Metadata that checks in but won’t check out

9 site columns that you should not add to your SharePoint document libraries – unless you want to keep them forever

The ability to create metadata in one place in a site collection and use it where you need it was an especially welcome feature in SharePoint 2007. In SharePoint 2010, the managed metadata service extends this capability to share metadata (and content types) across site collections - which is even better. This week, we painfully discovered that there are several out of the box SharePoint site columns that end users should NEVER re-use in a document library - unless there is a developer armed with PowerShell to help them get rid of them if they decide they don't want them after all.

Here's the problem we were trying to solve. I was working with a client on an enterprise metadata strategy for a new SharePoint 2010 intranet that includes a publishing environment (corporate portal) and a collaboration environment (team sites). One of the biggest problems with their current team environment is a lack of governance and the inability to find content once it is posted. Along with the new platform, they are wisely implementing and evangelizing new governance policies and more specific guidance about metadata to improve "findability." They are particularly concerned about having an appropriate content owner/contact for intranet pages and documents. The objectives are pretty simple: make it easier to manage and maintain content by having a clear owner who is responsible for each content element and make it easier to associate document content with a person (who may not be the person who uploaded or last modified the document). The corporate portal was built in SharePoint 2007 and the portal pages were all based on the System Page content type. This base content type has a column (Type=Person) called Contact that automatically populates with the Created By user but can be changed to someone else. We thought it would be helpful to re-use that column in documents so that all content would use the same attribute to indicate ownership. We wondered whether or not it would auto-populate like it does on publishing pages so we added it to a document library to test if there was something special about that column. Well, there is something special about that column - unfortunately, it's not the good kind of special. First, as we expected, it doesn't auto-populate in document libraries - just in content based on the System Page. Second, once you add Contact to a list (or to a content type), you are stuck with it - you can't delete the column from the list (no Delete button) and you can't remove it from your content type (no Remove button). In other words, the field is like the roach motel - it checks in but it never checks out!  Not even in SharePoint Designer! This is especially disturbing because the end user gets no warning - SharePoint is happy to let you add this "special" column but doesn't tell you to "be afraid, be very afraid." If this does happen to you, I found a reference to a PowerShell script that can help remove it after the fact, but from an end user perspective, this is really not good.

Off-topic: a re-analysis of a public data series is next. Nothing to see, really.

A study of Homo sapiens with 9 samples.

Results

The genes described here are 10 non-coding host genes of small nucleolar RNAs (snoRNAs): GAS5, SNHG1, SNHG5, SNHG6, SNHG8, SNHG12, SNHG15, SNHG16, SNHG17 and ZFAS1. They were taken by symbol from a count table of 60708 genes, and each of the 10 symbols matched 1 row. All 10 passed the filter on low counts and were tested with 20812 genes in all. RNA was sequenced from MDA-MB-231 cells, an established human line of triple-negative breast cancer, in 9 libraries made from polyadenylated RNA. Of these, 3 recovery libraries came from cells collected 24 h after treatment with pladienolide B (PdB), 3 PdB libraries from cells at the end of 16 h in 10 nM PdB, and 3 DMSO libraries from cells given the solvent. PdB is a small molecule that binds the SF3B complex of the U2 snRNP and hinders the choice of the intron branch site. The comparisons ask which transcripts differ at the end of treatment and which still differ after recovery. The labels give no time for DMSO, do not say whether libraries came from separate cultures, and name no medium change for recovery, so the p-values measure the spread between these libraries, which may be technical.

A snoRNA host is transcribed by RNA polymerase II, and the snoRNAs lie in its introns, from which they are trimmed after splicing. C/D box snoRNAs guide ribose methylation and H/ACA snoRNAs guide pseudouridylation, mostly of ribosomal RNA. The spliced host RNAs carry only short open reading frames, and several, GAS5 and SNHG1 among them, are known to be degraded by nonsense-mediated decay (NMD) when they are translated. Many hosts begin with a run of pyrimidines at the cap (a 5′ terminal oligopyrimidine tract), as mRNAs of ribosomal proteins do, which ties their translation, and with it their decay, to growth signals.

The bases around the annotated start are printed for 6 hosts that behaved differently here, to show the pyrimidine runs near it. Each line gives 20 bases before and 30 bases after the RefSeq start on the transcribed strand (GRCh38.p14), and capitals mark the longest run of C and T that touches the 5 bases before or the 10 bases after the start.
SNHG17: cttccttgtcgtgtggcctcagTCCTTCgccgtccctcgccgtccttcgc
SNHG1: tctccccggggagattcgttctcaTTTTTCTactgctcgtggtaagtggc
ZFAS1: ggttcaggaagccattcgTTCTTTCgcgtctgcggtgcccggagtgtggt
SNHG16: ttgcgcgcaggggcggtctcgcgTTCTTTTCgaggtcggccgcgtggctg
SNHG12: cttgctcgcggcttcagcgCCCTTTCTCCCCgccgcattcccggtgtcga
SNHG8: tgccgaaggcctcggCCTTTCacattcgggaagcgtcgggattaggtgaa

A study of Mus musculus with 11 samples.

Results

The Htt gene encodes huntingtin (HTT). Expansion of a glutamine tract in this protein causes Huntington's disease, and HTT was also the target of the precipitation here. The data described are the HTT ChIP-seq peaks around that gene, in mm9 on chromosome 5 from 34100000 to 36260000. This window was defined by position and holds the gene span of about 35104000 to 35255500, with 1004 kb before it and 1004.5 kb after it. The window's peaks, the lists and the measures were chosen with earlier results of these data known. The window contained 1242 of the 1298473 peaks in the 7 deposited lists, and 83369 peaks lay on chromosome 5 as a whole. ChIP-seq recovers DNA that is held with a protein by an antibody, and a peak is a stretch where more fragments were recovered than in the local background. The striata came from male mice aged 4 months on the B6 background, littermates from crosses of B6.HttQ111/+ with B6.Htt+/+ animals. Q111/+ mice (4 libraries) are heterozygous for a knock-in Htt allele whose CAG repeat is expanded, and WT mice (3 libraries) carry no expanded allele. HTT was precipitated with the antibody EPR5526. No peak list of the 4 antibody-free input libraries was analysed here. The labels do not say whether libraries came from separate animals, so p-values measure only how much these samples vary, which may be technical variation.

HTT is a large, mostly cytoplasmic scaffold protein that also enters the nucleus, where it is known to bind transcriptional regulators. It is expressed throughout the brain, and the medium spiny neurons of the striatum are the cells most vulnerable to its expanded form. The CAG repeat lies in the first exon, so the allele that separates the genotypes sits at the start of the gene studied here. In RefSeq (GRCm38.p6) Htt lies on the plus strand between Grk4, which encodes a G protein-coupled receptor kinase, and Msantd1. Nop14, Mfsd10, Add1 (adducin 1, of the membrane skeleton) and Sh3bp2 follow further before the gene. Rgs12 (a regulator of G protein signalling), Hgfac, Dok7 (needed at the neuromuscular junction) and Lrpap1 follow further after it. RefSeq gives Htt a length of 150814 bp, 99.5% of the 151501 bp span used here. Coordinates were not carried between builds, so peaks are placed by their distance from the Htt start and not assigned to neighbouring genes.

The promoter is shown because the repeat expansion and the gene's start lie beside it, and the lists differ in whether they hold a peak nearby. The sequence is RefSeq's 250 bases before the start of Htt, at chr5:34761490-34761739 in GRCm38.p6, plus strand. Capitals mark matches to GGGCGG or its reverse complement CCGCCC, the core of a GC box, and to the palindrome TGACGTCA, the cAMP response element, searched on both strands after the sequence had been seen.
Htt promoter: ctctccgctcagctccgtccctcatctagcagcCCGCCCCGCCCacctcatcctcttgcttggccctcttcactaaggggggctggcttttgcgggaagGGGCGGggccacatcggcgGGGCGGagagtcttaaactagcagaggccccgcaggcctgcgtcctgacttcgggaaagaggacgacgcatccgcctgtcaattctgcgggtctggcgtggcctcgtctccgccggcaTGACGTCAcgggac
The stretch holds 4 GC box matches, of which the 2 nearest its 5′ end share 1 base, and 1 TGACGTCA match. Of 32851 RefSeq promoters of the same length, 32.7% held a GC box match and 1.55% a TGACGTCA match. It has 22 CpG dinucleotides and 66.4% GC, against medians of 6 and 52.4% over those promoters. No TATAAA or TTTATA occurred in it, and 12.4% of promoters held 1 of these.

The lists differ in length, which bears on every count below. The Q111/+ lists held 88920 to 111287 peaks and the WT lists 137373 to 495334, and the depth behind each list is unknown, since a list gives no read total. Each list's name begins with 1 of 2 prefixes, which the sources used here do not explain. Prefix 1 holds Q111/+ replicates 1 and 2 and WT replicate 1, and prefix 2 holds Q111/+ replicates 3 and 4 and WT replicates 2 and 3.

I tried to ask a few of my technical gurus if there was a definitive list of the "do not use these site columns unless you want to keep them forever" columns and no one had one so I did a little testing to come up with a list of my own. This list of nine is not comprehensive, but these are the columns that end users might try to use in a document library, list or content type. It's not that they can't be used; it's just that if you add them to a list or library, there is no way to get rid of them in the user interface. As a general rule, it's probably safest not to re-use these columns for content that isn't a "page" (i.e. lists and document libraries):

  • Byline
  • Contact
  • Contact E-Mail Address
  • Contact Name
  • Contact Picture
  • Article Date
  • Scheduling End Date
  • Scheduling Start Date
  • Target Audiences

Today is April Fool's Day and for the record, these "special" site columns are no joke!

Copyright © 2011 IDG Communications, Inc.